Upon my arrival, after a quick stop at the pension, I strolled into the old town center in search of the tourist information office that was rumoured to exist. The lady there spoke no English, so I did my best to indicate that I was interested in hiking and wanted some suggestions on what nice trails were nearby. Either I did this very badly or the lady knew nothing about hiking trails, because she persisted in giving me brochures for random African art museums and parks with large model animals even after I'd used the word wandern eight or ten times.
Later that afternoon, I took a walk about town. Sebnitz is a bit like an elderly person whom time has made beautiful, melancholy, wise, and a little bit decrepit. Some of the loveliest buildings are vacant, and some, curiously, seem to be only partially inhabited. I'm not sure I'd want to live in the second storey of a building whose ground floor is derelict. Between the ghosts and the possibility of falling through a rotted floor during the night, I don't think it would make for a very relaxing lifestyle.
A few minutes from my pension was a tiny bridge over a tiny creek. Crossing the bridge takes you from Sebnitz to Dolni Poustevna. And this is what I mean by not having any clear idea where Sebnitz was: I didn't realise it was right on the Germany-Czech border until the Česká republika sign was there staring me in the face.
So, I crossed the bridge and went for a stroll in the Czech Republic.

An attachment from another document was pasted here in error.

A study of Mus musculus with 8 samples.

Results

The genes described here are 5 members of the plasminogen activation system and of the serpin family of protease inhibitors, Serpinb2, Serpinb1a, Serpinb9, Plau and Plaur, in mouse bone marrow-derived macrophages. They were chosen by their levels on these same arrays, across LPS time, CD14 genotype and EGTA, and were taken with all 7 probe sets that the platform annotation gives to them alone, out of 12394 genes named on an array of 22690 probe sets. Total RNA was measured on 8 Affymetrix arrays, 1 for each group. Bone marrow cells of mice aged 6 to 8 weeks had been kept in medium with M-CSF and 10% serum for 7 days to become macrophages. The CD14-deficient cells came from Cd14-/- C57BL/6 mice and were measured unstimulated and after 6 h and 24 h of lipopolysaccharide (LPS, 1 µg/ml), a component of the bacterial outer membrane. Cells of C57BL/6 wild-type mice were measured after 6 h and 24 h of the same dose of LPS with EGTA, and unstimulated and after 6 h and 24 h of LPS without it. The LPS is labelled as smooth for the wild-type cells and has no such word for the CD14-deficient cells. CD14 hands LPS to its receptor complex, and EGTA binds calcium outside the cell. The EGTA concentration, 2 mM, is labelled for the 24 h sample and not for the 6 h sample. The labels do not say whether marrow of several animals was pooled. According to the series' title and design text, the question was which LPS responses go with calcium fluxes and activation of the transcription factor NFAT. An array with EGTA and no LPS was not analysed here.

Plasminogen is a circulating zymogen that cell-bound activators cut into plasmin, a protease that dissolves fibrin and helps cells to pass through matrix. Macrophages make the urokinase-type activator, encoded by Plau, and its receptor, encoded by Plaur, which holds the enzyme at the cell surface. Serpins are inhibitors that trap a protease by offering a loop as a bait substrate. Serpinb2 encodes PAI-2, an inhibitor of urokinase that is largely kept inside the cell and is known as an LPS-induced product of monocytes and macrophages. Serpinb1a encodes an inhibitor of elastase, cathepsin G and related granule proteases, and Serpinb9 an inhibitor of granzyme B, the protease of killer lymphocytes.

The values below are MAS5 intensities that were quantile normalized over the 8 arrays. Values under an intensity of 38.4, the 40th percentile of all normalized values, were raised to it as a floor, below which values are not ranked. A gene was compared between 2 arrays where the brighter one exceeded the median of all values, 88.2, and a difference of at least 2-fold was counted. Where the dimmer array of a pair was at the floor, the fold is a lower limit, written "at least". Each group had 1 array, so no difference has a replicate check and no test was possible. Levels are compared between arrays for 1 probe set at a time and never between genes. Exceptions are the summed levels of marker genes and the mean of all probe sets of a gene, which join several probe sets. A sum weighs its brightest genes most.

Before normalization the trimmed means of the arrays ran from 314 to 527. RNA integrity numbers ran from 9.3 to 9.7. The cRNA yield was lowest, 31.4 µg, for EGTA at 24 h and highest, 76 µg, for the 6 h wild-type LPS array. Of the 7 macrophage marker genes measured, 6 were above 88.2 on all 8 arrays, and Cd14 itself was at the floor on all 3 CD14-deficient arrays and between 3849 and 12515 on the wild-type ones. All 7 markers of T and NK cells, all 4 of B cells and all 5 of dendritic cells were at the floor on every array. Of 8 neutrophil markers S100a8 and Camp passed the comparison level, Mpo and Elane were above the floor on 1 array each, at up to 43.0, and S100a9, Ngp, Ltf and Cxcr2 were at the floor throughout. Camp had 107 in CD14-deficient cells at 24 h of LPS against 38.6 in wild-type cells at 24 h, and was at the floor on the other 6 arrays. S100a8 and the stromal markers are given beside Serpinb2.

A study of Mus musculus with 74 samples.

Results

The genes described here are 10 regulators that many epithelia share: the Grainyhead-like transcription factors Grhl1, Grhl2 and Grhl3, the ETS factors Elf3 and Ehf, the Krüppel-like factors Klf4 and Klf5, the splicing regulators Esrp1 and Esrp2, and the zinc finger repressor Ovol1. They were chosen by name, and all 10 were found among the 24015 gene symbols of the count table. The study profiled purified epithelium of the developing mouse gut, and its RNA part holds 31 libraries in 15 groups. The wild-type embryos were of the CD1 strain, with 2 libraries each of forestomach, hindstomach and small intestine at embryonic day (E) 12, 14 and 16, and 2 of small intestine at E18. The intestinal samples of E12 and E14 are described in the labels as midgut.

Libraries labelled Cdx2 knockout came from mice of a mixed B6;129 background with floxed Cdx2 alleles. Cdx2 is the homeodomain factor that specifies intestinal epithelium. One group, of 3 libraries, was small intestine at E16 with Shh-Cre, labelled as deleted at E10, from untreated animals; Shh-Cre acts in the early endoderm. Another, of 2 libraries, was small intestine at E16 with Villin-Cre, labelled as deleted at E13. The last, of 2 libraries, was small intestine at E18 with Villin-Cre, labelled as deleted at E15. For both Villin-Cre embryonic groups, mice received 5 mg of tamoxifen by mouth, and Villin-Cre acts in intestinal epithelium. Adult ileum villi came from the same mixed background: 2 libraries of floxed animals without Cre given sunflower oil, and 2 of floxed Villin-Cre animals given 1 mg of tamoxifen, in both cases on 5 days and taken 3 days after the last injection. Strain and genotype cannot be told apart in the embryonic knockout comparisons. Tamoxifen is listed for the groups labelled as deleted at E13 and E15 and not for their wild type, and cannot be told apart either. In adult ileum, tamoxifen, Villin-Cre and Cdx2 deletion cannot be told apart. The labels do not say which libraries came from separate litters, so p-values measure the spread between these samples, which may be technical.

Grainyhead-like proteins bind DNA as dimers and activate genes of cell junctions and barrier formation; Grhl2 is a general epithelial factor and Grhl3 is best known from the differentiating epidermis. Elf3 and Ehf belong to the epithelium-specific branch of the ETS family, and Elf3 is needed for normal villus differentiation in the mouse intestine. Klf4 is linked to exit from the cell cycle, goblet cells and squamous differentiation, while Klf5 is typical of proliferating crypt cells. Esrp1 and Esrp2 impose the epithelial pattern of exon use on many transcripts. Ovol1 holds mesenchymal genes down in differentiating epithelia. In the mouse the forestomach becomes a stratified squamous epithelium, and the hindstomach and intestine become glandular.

In Dolni Poustevna, there are a few nice houses with lovely gardens, some nice gardens attached to houses that look like old Marley's ghost, and a fair bit of decay. I passed several little shops where I expect people from Germany often go to get things for cheap, and examined a church that looked to be abandoned. On the whole, Dolni Poustevna seemed a bit wearier than Sebnitz - though, of course, in an imagination-inciting rather than disappointing way.
Before I returned to Germany, I stopped at one of the shops. My bill for kiwi-strawberry fanta, paprika Tuc crackers, and a blue raspberry sour belt came to less than two euros.
The primary reason for my visit to Saxon Switzerland was Bastei Bridge, and this I hit up the next day. I had seen a picture of the bridge at some point, and that's how I like to choose my travel destinations; I see a picture and say, "That's pretty, I will go and take photos of it."
To get from Sebnitz to Bastei Bridge, a short train trip is required, followed by a ferry ride and a walk through a magical forest that makes regular humans pixie-sized. The forest is almost entirely coniferous. Once you reach the bridge (and regain normal human dimensions), the views over the Elbe river and various odd rock formations are amazing.
I continued along the Painter's Trail, which is said to be one of the prettiest wanderwegs in Europe. I haven't done all the wanderwegs in Europe yet, so I can't offer my professional opinion, but this one was really nice. There was a particular descent through tunnels of moss-covered rocks that seemed almost other-worldly.
When I got back to Bastei village sometime after 6pm, I was all kinds of cranky, but a blockwurst und semmel followed by a big Eis in Waffel cleared that up. Verdict on Sächsische Schweiz: awesome.